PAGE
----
What would you do if you were working with a peer who refused to get up from their desk, or leave their office, to engage with you on a project?
There are a number of possible reasons for this behaviour:
- They may be genuinely unaware they are causing tension.
- They may be takers. 
- They may be narcissistic.
- They may be trying to control this aspect of their lives because they feel out of control in others.
- There may be a combination of two or more of the factors above, or it may be something we have not considered. 
In these situations it can be tempting, and indeed natural, to consider the behaviour of our peer  as a personal attack. It may be. Or it may not.
When we feel attacked, however, we engage in our own version of fight or flight behaviour. We may become stubborn, lash out or start to avoid our protagonist, which may not help us achieve the desired outcome. Our thinking may not lead to useful behaviour. For more thoughts on this check out my blog on the characters we create for ourselves.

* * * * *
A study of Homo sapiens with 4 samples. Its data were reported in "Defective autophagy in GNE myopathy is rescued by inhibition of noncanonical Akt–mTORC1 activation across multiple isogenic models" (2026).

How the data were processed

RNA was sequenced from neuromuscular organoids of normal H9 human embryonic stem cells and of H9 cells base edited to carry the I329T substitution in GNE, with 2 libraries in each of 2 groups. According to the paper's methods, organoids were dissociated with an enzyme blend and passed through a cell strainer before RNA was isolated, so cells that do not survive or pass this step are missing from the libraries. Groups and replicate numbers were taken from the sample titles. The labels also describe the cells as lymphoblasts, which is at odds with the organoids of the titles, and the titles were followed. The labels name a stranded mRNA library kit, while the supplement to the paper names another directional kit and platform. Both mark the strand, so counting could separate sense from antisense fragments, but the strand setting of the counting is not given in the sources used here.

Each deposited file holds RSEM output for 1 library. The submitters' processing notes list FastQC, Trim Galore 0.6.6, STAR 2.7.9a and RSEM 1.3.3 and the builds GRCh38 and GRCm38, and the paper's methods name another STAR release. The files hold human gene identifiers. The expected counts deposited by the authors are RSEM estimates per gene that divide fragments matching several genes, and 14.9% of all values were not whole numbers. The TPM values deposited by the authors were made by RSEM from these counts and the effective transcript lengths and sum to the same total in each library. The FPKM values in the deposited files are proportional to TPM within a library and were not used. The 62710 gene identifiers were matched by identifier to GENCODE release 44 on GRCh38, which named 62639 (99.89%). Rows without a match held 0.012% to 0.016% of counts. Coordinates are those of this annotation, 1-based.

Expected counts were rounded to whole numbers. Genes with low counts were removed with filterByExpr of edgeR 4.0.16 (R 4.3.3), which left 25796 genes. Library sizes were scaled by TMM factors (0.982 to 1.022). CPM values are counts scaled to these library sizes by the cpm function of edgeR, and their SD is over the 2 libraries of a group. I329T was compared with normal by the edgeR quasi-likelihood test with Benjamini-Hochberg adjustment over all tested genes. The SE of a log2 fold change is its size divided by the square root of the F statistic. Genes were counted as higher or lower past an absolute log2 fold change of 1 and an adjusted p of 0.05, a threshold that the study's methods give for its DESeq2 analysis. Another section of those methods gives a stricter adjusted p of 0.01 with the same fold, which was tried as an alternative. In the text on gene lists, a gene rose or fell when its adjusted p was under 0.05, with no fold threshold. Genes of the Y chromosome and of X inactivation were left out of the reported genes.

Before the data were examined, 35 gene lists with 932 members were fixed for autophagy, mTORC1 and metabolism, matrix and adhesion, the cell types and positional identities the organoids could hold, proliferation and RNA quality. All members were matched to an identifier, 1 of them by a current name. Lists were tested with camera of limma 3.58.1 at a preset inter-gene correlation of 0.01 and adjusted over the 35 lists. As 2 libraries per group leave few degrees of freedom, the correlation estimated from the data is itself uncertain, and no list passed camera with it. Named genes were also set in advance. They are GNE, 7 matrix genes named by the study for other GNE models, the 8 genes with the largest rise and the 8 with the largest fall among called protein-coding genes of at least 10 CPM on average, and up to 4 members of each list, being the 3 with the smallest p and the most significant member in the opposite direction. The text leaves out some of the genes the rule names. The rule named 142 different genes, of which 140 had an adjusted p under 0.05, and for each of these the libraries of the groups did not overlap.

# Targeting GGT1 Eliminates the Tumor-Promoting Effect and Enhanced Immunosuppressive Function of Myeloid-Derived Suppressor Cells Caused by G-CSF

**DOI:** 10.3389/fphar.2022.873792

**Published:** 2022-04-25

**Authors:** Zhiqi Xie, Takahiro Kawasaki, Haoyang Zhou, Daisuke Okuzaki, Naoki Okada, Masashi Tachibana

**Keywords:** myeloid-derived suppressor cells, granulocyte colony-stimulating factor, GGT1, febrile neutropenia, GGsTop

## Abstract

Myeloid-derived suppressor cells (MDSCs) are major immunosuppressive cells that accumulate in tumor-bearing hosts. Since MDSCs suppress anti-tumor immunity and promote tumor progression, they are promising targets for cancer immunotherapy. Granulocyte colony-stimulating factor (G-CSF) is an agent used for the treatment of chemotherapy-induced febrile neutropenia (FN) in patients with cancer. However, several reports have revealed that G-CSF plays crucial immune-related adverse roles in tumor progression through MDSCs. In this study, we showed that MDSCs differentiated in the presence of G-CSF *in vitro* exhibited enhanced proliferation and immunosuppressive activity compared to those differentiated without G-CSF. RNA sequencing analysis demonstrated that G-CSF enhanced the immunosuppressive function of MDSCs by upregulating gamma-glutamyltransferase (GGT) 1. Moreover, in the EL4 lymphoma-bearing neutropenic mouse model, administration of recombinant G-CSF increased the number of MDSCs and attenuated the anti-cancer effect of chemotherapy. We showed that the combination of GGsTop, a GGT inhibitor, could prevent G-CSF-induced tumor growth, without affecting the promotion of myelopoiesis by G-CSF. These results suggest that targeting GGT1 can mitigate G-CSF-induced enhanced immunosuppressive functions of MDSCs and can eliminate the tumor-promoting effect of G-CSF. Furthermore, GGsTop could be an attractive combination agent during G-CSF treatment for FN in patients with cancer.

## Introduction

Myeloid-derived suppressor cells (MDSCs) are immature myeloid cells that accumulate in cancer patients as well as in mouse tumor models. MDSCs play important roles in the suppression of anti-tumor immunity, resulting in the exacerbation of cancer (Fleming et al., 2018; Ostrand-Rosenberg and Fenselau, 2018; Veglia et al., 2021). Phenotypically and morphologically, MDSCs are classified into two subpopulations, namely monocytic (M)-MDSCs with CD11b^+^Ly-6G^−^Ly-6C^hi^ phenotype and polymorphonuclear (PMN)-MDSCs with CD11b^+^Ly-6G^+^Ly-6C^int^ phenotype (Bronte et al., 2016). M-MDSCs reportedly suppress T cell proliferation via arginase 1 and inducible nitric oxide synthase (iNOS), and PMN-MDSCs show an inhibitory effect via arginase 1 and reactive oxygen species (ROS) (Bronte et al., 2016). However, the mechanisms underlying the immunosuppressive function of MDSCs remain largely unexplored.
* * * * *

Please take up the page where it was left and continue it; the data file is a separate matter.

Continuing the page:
To change our behaviour, then, we need to change our thinking. Here are two possible ways:
- Think about what you are trying to achieve. If you focus on the mission or the outcome, then the behaviour of your peer seems less important. It becomes just another aspect you need to deal with to complete the task.
- Think about how you want to be. Understanding how you want to be will give you insight into how you could behave in these situations:
- If you want to be courageous then you may raise your peer’s behaviour with them.
- If you want to be curious, you may seek to understand why they are behaving the way they are.
- If you want to be patient, you may decide to wait and see what happens.
A combination of these two thinking styles can help you take the focus off protecting yourself, which can limit and narrow your options. You may then be able to see opportunities for how you could handle the situation differently.
 For more on Takers see Adam Grant’s book, Give and Take.
 We never really know what people are thinking. We can make assumptions based on what we see in their behaviour, but we have to be prepared to be wrong.
 Or friend, or partner or … insert person here.